TickStream.Activity (Activity) is software that reports on all relevant activity happening on a Microsoft Windows computer, tablet or virtual machine (collectively referred to as “PC” below), WITHOUT capturing content or passing judgment, providing a better way to account for actions and events that happened on that PC.

Activity is a trustworthy, comprehensive and authoritative information source which documents all user-related activity that occurs on a PC. This base of knowledge regarding usage can serve several very helpful purposes:

  1. To document what app ran at what time, for how long and with what level of user involvement (“intensity” — hence the name of the company)
  2. To detect and Report on the execution of a new app (One of Edward Snowden’s exploits involved running a spidering tool to locate material of interest to him), whether the app is installed intentionally or unintentionally (malware), Activity facilitates invoking a Host’s security corrective actions
  3. To serve as an app-based, time-slicing, data source to guide the collection of metrics for other IA products, particularly CV; and
  4. To help determine whether paying for expensive software to reside on any particular machine is “worth it” (to avoid the needlessly costly problem of “VanityWare”).

How it Works

Activity is a particularly valuable resource in combating cybersecurity trespasses since it provides an independent, non-user-modifiable, record of significant details about which processes, both foreground and background, executed on a PC. Activity produces five thin streams, and one thick stream of CSV-formatted data which can run either immediately in Excel, or else in IA-provided Reports. It also records mouse movements, screen sizes, Windows title bar text (to identify the app) and a large amount of PC situational data such as IP address, MAC address, hardware capabilities and many more such parameters.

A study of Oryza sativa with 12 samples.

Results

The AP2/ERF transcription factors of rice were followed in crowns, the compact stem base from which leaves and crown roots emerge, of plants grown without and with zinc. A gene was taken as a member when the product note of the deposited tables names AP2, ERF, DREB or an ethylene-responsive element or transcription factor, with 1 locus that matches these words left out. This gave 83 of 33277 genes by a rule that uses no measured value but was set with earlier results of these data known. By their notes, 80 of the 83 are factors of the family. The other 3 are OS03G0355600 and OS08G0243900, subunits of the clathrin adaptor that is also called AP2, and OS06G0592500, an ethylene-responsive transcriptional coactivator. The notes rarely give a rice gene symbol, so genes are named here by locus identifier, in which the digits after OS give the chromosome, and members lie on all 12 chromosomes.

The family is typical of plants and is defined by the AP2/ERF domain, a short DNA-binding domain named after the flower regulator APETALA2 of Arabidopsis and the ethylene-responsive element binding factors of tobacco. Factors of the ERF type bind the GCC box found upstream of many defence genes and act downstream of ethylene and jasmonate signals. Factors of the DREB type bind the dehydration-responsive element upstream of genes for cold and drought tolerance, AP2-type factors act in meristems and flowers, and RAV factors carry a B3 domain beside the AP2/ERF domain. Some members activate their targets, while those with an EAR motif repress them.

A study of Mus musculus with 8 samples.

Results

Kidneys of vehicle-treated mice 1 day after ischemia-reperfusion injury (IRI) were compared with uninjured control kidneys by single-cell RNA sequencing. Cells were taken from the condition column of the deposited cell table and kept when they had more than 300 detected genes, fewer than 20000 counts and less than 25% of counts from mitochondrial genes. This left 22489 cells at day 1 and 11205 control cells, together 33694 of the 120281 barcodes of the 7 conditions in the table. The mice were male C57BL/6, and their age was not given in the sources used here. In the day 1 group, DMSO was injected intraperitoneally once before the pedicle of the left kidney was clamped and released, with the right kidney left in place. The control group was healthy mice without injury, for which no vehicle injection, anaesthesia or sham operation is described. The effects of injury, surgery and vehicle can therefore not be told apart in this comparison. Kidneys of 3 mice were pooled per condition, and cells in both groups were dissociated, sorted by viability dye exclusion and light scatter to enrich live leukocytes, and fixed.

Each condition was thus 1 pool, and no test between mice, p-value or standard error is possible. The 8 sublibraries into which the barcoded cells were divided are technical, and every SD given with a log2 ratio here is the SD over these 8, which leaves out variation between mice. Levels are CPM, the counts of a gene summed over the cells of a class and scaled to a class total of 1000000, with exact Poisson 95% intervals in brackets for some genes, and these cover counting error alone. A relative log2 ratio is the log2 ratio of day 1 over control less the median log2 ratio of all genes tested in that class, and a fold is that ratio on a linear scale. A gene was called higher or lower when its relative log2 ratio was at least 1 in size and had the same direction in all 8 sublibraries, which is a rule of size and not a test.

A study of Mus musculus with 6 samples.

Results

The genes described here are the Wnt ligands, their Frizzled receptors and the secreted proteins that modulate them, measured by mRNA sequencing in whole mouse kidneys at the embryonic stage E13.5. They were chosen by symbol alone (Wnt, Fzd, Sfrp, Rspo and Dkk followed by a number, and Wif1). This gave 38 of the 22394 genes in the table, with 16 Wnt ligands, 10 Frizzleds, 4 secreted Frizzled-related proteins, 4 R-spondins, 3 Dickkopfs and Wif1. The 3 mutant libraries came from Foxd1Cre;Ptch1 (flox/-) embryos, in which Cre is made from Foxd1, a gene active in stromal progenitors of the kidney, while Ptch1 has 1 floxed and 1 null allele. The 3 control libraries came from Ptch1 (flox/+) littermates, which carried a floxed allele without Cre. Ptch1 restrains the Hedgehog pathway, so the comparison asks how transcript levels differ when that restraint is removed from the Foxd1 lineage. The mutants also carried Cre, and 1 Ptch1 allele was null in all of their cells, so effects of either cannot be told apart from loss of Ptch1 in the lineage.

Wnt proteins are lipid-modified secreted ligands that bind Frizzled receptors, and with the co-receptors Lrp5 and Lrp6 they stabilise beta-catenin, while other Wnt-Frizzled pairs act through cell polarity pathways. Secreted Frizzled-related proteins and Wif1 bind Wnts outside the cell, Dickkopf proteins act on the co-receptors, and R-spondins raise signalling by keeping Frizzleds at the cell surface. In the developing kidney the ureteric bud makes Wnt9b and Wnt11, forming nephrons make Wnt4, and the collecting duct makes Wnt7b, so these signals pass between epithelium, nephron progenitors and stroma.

Activity never looks at content, nor does it penetrate apps. Just a few examples of this respect for privacy: it will record that you were in MS Word, but not what you typed; it will show the screen dimensions of what you watched on the Internet, but not the URL, and it will note that you were in Outlook, but not whether you were reading or writing e-mails (which actions, of course, can be inferred, since it records keystroke counts and timings, but NOT the characters).

Activity “plays fair.” It advises users that it is running, and provides a way for them to see their own activity timelines.